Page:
Stroke survivor breaking down barriers

An Ascot Vale man has just under one year to prepare for an incredible endurance challenge which will see him ride a recumbent trike to the four furthest points of Australia.

27 year old Tommy Quick has marked National Stroke Week by announcing he will tackle the 9,000 kilometre journey from Steep Point in Western Australia to Cape York in Far North Queensland to raise awareness of young stroke along with funds for the Stroke Foundation. Tommy himself survived a stroke at the age of 12.

Tommy said he has already started training for the ride, which will begin on his birthday on August 2, 2021.

“As I travel around Australia, I want people to know that stroke can happen at any age,” Tommy said.

“I am also passionate about promoting stroke research, social inclusion and breaking down preconceived perceptions about disability.

“I don’t like the word disabled. Everyone can set themselves a goal to do something – no matter how big or small it seems. I’d like to empower other stroke survivors to strive to do something they love. I have been working to make the Four Points of Australia idea a reality for four years.”

Tommy has come a long way in his recovery physically and mentally. When Tommy first had the stroke, he spent five weeks in an induced coma and then slowly learnt to swallow, lift his head, walk and talk again.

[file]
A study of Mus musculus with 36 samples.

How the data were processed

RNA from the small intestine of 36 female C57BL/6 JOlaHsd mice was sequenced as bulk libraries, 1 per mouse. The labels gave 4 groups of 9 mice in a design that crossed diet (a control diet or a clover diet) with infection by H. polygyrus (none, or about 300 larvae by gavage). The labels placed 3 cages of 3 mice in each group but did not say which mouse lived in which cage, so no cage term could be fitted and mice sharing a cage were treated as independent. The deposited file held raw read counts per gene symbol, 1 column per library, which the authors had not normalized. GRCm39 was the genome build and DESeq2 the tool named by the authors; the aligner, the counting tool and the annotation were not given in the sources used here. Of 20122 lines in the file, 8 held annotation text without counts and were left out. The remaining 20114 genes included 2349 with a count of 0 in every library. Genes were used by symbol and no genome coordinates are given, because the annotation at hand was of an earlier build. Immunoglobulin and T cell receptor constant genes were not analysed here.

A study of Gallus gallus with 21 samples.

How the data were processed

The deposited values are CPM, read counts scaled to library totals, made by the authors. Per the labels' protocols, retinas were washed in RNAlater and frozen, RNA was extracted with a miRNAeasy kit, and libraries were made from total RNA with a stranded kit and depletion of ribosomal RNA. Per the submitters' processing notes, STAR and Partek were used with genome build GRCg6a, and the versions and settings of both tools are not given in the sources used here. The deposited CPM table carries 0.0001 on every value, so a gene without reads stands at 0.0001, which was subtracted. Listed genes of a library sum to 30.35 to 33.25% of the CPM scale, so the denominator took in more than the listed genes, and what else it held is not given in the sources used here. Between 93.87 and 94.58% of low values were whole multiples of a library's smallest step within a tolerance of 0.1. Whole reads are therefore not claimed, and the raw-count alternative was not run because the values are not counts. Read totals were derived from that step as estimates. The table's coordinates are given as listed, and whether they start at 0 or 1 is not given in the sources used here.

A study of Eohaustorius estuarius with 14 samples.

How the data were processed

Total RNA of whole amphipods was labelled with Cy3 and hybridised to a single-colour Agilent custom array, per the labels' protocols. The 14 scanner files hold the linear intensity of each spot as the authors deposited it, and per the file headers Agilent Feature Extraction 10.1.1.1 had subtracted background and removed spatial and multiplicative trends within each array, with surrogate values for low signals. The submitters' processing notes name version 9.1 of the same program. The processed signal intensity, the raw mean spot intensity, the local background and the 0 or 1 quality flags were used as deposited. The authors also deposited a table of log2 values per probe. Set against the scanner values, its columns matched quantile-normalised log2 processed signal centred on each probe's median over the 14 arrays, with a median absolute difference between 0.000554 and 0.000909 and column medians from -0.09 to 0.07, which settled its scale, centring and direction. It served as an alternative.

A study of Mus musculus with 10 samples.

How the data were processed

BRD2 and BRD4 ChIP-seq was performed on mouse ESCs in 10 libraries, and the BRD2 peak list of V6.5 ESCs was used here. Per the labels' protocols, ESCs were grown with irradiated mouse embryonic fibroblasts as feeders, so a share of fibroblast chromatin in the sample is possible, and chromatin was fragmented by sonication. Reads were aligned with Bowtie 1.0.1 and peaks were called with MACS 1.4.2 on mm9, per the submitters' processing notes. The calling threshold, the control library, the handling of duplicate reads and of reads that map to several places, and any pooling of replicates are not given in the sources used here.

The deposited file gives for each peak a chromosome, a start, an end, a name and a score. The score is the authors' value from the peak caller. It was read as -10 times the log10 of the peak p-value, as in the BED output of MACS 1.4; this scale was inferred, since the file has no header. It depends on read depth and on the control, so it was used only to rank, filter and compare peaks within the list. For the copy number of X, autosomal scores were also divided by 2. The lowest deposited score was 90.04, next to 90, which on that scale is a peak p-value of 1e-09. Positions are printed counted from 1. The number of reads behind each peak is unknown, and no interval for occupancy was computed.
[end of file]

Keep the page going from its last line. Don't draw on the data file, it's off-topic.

Tommy’s first big physical challenge was in 2014 when he completed the gruelling Kokoda track. He believes it was more of a mental game and credits the support and mateship of his group and porters for getting him over the line, lessons he will take into his upcoming challenge.

Stroke Foundation Victorian State Manager Eamonn O’Toole applauded Tommy for his ongoing determination and tenacity, adding many people didn’t realise children can have strokes.

“Each year up to 600 Australian children suffer a stroke; one in 20 die and more than half of survivors will experience long-term impairments,” Mr O’Toole said.

“Recovery from stroke does not end when people leave hospital. It can be a long and extremely difficult journey impacting not only the survivor, but their loved ones too.

“Tommy’s incredible drive and effort is testament to what can be achieved.”

For more on Tommy’s journey and how you can support his fund raising for Stroke Foundation visit here

National Stroke Week runs from August 31 – September 6. This year, Stroke Foundation is celebrating everyday Australians who know and can recognise the signs of stroke. They are F.A.S.T. Heroes!

Learn and share the F.A.S.T. signs of stroke and call triple zero (000) straight away if you suspect a stroke. The faster a patient receives medical treatment, the better the chance of a good outcome from stroke.

Think F.A.S.T and ask these questions:

Face – Check their face. Has their mouth drooped?

Arms – Can they lift both arms?

Speech – Is their speech slurred? Do they understand you?

Time – Time is critical. If you see any of these signs, call 000 straight away.

Tom Quick

Image: Tommy Quick will ride to the Four Points of Australia to raise awareness of young stroke and fundraise for the Stroke Foundation.